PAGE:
In other words, despite almost all of Dr. Frankl’s freedom being taken away he was still able to create happiness for himself by having a perspective of his life choices that made him feel good.

As a teenager I spent a large part of my day hating life. Everything seemed pointless and hopeless, and I could not imagine ever feeling different.

I often fantasized about suicide. I was prescribed sleeping pills by a doctor and instead of taking them every night I saved them in case I got to the point where I wanted out. But, the truth was I did not want to die, I wanted the power to be free.

I felt trapped by life's shoulds and have tos. I had to wake up and go to school every day. I had to do my homework. I had to hang out with kids my own age even if I thought I couldn't connect to any of them. I had to spend time with my family. I had to get a job. The things that I felt I should and had to do were not horrible, but I felt the rest of my life was going to be a forced march towards a meaningless, stressful, depressing existence.

My parents sent me to group therapy. One day we did an exercise where everyone wrote down on a piece of paper what they thought the person needed to know to make his/her life better. When it was my turn, everyone wrote down the exact same thing, “you are a victim of your life!” These words hit me hard; I had survived all of these difficult experiences in my life, and considered myself strong, not a victim.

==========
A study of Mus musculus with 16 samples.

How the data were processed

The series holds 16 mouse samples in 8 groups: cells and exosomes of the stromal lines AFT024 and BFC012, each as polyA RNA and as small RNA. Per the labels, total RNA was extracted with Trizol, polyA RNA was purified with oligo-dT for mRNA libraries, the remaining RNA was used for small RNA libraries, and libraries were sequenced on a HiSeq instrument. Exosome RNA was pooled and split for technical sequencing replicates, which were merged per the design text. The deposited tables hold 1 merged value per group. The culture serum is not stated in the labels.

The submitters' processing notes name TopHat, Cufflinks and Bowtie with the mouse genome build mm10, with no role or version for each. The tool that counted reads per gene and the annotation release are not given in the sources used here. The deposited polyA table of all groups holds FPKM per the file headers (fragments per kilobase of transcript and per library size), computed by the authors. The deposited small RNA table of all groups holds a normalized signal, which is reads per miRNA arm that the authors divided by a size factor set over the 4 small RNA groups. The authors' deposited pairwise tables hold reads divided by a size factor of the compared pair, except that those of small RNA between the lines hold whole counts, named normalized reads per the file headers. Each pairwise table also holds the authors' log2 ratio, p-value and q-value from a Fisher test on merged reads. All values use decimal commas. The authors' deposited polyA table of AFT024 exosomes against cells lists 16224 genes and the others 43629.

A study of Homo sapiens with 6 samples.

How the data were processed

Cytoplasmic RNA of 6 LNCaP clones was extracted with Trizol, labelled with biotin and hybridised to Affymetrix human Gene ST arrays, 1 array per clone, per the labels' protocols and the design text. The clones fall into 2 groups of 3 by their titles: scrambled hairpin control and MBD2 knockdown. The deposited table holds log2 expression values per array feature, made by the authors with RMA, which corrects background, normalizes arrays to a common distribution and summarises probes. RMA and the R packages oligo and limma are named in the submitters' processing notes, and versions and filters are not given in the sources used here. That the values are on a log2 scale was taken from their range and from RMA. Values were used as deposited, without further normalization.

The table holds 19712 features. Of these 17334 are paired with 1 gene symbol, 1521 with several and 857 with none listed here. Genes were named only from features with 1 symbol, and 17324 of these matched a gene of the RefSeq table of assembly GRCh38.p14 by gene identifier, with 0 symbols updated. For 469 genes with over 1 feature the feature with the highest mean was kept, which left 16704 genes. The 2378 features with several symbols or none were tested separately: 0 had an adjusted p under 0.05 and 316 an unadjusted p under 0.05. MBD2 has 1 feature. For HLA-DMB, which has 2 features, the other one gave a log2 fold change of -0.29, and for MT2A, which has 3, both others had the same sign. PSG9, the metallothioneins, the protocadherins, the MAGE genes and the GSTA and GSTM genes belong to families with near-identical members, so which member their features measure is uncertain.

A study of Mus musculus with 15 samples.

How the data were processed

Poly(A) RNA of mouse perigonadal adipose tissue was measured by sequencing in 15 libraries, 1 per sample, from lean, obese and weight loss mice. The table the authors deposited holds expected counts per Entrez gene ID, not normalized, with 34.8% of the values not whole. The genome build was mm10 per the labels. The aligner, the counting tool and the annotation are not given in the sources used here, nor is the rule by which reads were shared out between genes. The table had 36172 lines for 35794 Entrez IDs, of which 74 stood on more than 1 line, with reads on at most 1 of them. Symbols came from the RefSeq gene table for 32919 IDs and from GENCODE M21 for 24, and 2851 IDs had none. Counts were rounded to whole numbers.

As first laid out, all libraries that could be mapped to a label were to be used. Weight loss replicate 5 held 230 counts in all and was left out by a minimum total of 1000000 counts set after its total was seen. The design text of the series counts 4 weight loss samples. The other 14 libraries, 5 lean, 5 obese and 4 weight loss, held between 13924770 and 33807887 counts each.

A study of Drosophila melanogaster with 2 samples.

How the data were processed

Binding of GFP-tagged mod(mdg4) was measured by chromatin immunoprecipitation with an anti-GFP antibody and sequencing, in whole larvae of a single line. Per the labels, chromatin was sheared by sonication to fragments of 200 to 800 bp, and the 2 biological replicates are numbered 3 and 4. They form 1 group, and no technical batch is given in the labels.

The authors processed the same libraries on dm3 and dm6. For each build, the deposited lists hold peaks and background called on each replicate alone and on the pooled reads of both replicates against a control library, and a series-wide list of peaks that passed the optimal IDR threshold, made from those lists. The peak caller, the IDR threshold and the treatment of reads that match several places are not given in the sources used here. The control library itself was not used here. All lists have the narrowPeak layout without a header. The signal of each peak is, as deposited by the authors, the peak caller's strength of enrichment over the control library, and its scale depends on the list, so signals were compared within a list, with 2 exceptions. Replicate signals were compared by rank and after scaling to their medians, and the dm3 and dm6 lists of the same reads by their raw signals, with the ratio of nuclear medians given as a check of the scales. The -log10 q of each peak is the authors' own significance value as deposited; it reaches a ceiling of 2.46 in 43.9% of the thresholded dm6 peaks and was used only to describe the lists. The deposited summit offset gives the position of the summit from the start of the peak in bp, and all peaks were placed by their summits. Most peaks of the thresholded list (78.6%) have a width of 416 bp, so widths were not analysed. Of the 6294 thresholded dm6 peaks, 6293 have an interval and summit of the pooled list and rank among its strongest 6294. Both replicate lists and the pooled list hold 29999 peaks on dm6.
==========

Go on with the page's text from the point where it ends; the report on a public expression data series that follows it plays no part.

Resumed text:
I went home and thought, “they don't understand all that I have been through. I am going to take my pills, and then they will see how they hurt me.” But then as I calmed myself, and thought about things, I realized these people are my friends, and so they are probably trying to tell me something valuable...and then it came to me I DON'T HAVE TO DO ANYTHING I DONT WANT TO DO, and I can do anything I want to do. I flushed my sleeping pills right then. In that moment I gave up suicide as an option.

I realized I did not need a death option to be free, I was already free. From this moment on I took should and have to out of my vocabulary. It was a challenging fight considering how deeply embedded these words were in my way of thinking, but I attribute this philosophy change with the joy I now feel on a daily basis.

The fear is that if we are not pressuring ourselves with shoulds and have tos, then we will not be living productive, meaningful lives. I have found with myself and my clients the opposite is true. The more we allow ourselves the freedom to choose what we want, the more motivated we are to become the best version of our selves. I challenge you to take an inventory of all the things you are doing in your life right now that do not feel like your choice. See if there is anything you would like to do different or relate to differently. If I do not stop to check in with myself on a regular basis it is easy for me to slip back into a passive place. I am committed to living the happiest life I can which means being able to see and make all of my choices by extinguishing “the should.”